16 Songs That Don't Mean What You Think They Do Bands/Musicians

Here's a list of songs whose meanings we completely miss because we either don't listen to lyrics properly or we just take the song at face value, ignoring any origins or intent of the artist. Or we just don't even realize what the lyrics really are. Then, one day, your world breaks down. The real meanings of these popular songs will shock you.

Everything you knew and loved about these songs is about to turn out to be a lie because that songs you thought were innocent and sweet are often actually about the opposite. Think "Born in the USA" is a patriotic anthem? Think again.

Hopefully, learning the truth about these popular songs doesn't shatter your world too much, though it will certainly make you think twice at the next karaoke night.


    There She Goes by Sixpence Nonethericher

    This is actually a cover of a song by British rock band The La's from their eponymous album. Although the song initially seems to be about a woman, if you look closely at the lyrics, the "she" in question is actually heroin and the song tells of the rush of using the drug and how fleeting the high is.

    There she goes again
    Racing through' my brain
    And I just can't contain
    This feelin' that remains

    There she blows
    There she blows again
    Pulsing through' my vein
    And I just can't contain
    This feelin' that remains


    Additionally, the song has stylistic similarities to The Velvet Underground's "There She Goes Again," a song with overt references to prostitution and potentially references to drug abuse, as well.

  2. 5

    Like a Virgin by Madonna

    "Like a Virgin" isn't about a sensitive girl, and is, in fact, not about a girl at all. Lyricist Billy Steinberg explained in an interview with the LA Times that he did not intend for a woman to sing the song, and that the song was about his personal experiences of going through the emotional ringer in the past, and how he felt new and unhurt the next time he fell in love, as if he had never been hurt before. Like a virgin.

    I was beat, incomplete
    I'd been had, I was sad and blue
    But you made me feel
    Yeah, you made me feel
    Shiny and new


    Says Steinberg, "I was saying ... that I may not really be a virgin – I've been battered romantically and emotionally like many people – but I'm starting a new relationship and it just feels so good, it's healing all the wounds and making me feel like I've never done this before, because it's so much deeper and more profound than anything I've ever felt."

  3. 4

    This memorable '90s track is about a bar at closing time, right? RIGHT? No. No, it's about something else entirely.

    According to Dan Wilson, Semisonic lead singer, it's about being "bounced from the womb." As in, your mama's belly. In the above video he points out a lot of lyrics that make you go, "oh, yeah, I guess it is about the birth of a baby." For instance: "This room won't be open till your brothers and your sisters come."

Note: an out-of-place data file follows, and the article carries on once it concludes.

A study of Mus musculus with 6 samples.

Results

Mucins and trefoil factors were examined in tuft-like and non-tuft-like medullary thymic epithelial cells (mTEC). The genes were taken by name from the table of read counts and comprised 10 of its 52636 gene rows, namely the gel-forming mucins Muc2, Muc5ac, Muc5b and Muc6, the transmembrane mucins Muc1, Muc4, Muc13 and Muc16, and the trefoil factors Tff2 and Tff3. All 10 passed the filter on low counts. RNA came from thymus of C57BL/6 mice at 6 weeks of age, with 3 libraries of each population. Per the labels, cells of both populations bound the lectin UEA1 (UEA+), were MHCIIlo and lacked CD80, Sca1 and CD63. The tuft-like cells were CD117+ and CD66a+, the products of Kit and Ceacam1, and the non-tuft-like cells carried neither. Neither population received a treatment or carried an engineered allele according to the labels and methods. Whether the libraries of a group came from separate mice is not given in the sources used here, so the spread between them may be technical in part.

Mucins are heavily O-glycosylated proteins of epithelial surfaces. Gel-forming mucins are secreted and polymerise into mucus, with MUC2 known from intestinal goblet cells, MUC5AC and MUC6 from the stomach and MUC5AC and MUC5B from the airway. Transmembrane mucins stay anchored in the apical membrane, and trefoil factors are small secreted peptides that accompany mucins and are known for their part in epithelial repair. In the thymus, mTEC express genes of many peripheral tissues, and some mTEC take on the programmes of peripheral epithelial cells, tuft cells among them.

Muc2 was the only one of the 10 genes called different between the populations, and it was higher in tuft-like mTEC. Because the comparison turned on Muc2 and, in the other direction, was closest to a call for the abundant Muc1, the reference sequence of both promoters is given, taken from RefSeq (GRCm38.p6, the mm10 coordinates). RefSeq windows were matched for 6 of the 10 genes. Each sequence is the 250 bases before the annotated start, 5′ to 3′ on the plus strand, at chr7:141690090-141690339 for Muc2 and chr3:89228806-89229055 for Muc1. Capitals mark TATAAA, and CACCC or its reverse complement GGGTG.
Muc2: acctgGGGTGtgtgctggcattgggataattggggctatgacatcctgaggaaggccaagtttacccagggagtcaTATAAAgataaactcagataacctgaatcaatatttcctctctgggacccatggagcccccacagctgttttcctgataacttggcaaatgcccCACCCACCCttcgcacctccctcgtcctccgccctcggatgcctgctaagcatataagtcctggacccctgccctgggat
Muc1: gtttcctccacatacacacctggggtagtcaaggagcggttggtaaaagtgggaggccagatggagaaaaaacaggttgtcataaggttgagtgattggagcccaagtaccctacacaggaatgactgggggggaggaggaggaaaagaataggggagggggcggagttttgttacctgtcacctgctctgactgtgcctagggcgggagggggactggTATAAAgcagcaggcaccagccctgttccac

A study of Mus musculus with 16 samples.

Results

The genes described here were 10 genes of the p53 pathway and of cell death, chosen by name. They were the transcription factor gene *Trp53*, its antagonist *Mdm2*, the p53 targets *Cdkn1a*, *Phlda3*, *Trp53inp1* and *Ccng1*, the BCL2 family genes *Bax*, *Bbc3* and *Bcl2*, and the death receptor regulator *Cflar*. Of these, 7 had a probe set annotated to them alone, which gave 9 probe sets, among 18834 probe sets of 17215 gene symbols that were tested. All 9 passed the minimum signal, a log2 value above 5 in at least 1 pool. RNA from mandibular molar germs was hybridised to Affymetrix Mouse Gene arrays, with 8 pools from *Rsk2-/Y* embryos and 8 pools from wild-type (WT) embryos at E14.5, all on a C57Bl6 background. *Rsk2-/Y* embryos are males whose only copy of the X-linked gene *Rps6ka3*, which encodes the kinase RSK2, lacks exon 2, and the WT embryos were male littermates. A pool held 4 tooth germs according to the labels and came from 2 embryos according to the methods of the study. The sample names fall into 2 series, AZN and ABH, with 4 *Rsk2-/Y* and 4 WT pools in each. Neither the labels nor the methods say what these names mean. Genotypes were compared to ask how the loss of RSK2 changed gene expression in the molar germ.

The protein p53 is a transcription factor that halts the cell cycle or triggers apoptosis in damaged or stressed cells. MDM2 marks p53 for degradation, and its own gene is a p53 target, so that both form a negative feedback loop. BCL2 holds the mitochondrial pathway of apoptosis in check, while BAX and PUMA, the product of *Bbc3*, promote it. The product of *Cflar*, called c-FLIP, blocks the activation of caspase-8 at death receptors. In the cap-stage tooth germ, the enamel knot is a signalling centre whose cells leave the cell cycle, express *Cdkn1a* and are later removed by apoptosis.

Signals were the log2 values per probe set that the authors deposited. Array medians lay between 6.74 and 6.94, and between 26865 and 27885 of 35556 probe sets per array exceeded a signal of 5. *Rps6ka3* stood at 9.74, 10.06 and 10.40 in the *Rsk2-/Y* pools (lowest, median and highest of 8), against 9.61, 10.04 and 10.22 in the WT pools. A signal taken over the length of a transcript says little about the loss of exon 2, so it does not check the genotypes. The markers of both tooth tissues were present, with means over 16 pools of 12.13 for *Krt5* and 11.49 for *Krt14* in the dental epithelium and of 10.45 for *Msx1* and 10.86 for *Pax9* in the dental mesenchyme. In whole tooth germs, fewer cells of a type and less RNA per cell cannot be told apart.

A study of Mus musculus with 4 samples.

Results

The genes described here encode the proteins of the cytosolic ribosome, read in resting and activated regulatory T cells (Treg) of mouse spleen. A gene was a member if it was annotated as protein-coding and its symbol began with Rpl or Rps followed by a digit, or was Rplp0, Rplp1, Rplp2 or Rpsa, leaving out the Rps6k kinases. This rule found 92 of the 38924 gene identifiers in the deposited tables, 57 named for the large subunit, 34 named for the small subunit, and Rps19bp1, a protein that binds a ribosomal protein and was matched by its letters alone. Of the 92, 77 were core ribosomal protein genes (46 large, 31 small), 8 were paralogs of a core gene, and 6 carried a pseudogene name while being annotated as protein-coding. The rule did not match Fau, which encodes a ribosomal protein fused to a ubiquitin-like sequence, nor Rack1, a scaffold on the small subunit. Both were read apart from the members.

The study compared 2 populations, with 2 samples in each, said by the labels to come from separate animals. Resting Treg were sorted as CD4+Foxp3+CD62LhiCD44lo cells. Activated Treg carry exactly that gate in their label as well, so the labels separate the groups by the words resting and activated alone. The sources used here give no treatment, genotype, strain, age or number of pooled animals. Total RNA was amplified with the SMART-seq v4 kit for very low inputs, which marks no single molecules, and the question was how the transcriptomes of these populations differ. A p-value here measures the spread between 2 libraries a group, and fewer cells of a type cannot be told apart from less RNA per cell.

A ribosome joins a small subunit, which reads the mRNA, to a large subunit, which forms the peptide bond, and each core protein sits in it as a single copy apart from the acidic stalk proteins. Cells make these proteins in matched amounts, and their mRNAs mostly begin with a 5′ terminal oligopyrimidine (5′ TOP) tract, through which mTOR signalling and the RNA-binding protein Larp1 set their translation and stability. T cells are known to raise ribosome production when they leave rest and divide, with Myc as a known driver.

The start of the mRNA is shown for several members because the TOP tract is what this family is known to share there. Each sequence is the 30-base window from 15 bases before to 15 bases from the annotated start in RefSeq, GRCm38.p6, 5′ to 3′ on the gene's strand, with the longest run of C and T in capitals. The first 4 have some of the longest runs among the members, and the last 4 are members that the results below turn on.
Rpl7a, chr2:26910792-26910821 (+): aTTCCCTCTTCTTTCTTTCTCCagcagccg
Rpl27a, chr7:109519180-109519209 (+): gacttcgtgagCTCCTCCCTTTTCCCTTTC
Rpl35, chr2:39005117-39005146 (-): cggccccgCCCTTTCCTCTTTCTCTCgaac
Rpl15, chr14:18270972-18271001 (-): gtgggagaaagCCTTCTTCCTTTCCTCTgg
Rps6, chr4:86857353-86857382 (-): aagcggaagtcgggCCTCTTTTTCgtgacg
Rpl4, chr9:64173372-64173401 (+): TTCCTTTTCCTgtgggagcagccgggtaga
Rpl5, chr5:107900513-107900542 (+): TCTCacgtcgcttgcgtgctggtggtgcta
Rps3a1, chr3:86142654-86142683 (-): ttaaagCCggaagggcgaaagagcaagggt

Tutti Frutti by Little Richard

    You probably heard this song a lot as a kid and didn't think much of it. Well, give this record a spin and really listen to the lyrics - you'll realize that the song is all kinds of rough. Not only is it about some guy getting it on with multiple girls - Sue and Daisy - they both "know what to do" (so they're very experienced), and they all drive him crazy.

    Also, the repeated hook of "Tutti frutti, aw rooty" was not the original lyrics of the song, before it got picked up to be recorded. When performing live, Little Richard sang the following:

    Tutti Frutti, good booty / If it don’t fit, don’t force it / You can grease it, make it easy.

    The lyrics were then changed in studio to "Tutti Frutti, all rooty" (all rooty was slang at the time for "alright") so that the rest of the song didn't make sense, making it more marketable. Yes, that's right. The song you most likely danced to like an idiot when you were three and didn't know better was really... much more adult.

  5. 2

    Brown Sugar by The Rolling Stones

    Many an unsuspecting singer chooses "Brown Sugar" for karaoke and balks at the lyrics as they appear on the screen. Somehow (we don't know how) they typically understand what this song is about, even though the story is right in the lyrics. It's used in some daytime TV commercials and places all around in this fun, light-hearted manner when it is quite literally a song about slave rape.

    This song isn't a love tribute to a beloved African American woman and it is most definitely not something about the sweetener that brings us all chocolate chip cookies. This song is about white plantation owners raping their African slaves.

    Gold coast slave ship bound for cotton fields
    Sold in a market down in New Orleans
    Scarred old slaver knows he's doing alright
    Hear him with the women just around midnight.
    Ah, brown sugar how come you taste so good?
    Brown sugar, just like a young girl should


    Yikes.

  6. 1

    The Ice Cream Truck Song

    That utterly American ice cream truck song you thought meant "hey kids, come enjoy a cold treat on this fine sunny day!" actually has some of the most racist lyrics in the history of music. Recorded for Columbia records 1916, the melody is from a song called "N**** Loves a Watermelon Ha Ha Ha" by a terrible man named Harry C Brown. Here's a sampling of the lyrics:

    You N***** quit throwing them bones and come down and get your ice cream
    Ice cream?
    Yes, colored man's ice cream: watermelon!
    N***** loves a watermelon ha ha ha
    N***** loves a watermelon ha ha ha
    For here they're made with a half a pound of cool
    there's nothing like a watermelon for a hungry coon.